We all know the CDC recommends to always wash hands with soap and water for 20 seconds. But if you’ve ever been on the road with a baby, or had to hit up the grocery store really quick, that’s not always an option. Earth Mama Lavender Hand Sanitizer to the rescue! Formulated according to FDA guidelines, it’s 80% alcohol, free of methanol and 1-propanol, and contains glycerin to leave your hands less dry.
So if you’re out and about and find yourself soap-and-water-less, go ahead and spritz Lavender Hand Sanitizer generously on your hands, rubbing briskly until it’s evaporated. And after it’s dry, a gentle, calming scent of lavender essential oil will remain — which you can bet will be a helpful assistant during any stressful situations. Like the inevitable diaper explosion.
- Hand sanitizer to help reduce bacteria that potentially can cause disease. For use when soap and water are not available.
- Formulated according to FDA guidelines
- 80% alcohol - contains glycerin to make hands less dry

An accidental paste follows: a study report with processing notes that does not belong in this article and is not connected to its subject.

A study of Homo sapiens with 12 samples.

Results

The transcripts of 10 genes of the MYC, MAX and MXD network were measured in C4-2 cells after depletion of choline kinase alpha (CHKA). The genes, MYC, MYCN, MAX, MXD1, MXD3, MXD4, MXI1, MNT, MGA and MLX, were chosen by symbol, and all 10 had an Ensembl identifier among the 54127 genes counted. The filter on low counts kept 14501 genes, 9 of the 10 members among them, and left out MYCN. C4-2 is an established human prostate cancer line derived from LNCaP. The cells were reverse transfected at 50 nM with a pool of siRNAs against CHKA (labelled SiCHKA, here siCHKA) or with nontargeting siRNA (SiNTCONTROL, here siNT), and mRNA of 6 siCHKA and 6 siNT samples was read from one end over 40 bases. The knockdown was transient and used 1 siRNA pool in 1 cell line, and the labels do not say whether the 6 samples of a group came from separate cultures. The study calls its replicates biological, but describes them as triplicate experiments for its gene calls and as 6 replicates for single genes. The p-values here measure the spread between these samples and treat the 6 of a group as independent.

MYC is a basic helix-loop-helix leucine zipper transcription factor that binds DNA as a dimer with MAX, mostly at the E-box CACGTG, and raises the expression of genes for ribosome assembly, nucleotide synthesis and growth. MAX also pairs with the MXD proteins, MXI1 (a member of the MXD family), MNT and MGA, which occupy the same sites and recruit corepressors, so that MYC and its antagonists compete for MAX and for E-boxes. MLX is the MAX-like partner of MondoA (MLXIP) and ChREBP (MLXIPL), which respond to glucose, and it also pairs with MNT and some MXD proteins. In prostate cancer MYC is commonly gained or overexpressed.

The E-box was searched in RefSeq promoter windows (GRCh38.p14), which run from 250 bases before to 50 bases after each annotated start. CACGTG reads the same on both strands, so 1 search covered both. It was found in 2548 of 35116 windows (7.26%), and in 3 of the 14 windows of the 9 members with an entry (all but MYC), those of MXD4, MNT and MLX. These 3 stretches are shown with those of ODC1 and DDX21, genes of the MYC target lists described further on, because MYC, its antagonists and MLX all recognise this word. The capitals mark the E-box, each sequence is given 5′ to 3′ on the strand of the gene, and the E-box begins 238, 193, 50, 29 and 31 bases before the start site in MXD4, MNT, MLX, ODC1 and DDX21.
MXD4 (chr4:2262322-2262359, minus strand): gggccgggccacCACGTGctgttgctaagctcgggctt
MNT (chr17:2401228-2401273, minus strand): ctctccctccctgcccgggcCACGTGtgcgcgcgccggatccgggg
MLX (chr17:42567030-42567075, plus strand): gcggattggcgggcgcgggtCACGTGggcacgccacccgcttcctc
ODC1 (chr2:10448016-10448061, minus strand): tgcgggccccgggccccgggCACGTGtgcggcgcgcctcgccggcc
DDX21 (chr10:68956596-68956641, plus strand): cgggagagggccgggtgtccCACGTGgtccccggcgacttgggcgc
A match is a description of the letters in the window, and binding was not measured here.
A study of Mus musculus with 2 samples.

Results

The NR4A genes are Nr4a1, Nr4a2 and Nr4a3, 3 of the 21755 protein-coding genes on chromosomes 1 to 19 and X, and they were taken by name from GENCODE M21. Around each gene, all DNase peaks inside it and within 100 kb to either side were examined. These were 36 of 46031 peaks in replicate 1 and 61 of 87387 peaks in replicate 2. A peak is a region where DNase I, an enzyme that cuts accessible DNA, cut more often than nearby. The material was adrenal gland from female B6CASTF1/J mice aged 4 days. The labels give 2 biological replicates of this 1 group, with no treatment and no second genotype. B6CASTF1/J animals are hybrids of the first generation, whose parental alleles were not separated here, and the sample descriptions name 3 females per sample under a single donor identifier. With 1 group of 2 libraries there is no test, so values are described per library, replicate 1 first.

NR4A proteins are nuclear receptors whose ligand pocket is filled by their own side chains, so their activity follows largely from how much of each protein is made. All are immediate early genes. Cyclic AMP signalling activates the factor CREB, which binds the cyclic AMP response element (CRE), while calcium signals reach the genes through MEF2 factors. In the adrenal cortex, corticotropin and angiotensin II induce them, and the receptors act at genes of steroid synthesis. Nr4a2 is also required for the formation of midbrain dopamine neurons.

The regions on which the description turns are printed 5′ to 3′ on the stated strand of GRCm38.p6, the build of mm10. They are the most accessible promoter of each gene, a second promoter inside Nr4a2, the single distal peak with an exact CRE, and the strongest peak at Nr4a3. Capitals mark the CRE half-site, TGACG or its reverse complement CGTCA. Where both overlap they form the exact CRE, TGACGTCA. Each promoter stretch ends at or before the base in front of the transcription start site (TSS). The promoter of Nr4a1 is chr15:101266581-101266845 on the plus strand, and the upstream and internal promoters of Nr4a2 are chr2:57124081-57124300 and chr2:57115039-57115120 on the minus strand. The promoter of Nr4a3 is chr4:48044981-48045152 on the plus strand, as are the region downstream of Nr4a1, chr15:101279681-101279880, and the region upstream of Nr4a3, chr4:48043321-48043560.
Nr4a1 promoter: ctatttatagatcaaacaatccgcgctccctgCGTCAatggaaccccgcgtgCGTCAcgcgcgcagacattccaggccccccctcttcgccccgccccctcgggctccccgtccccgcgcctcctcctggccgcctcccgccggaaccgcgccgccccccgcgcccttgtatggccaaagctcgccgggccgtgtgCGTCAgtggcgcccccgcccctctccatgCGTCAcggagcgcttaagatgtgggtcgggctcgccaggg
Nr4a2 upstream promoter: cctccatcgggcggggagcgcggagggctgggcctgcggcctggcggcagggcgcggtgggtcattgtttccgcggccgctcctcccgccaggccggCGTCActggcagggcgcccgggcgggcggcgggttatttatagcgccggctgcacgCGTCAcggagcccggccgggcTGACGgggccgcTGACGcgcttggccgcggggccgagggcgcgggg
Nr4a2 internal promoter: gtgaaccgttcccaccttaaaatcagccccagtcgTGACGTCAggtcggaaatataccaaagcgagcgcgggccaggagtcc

- NO methanol, 1-propanol, denatonium benzoate, silicone and propylene glycol
Hand hygiene works: A recent study in Clinical Infectious Diseases showed that SARS CoV-2, the virus that causes COVID-19, can stay on the skin for up to 9 hours — but was completely inactivated within 15 seconds of exposure to 80% ethanol. So whether it’s 20 seconds with soap and water, or 15 seconds with Earth Mama Hand Sanitizer, it’s well worth your time.
About denaturants: Hand sanitizers are over-the-counter (OTC) products regulated by the FDA. And all ethanol alcohol used in hand sanitizers is required by the FDA to be denatured with an additive, rendering it undrinkable. And while there are dozens of inexpensive, highly toxic denaturants. The FDA doesn’t allow manufacturers to list alcohol denaturants in the ingredients. Full transparency: Earth Mama’s Hand Sanitizer denaturant is lavender essential oil. You won’t see it on the ingredients panel, but … you will smell it.
Your best bet: simply be aware and find a brand you can trust. Beware of marketing language: for instance, it might sound kid-friendly, but may still contain toxic ingredients. The good news? The FDA is maintaining a list of do-not-use hand sanitizers — check it out right here.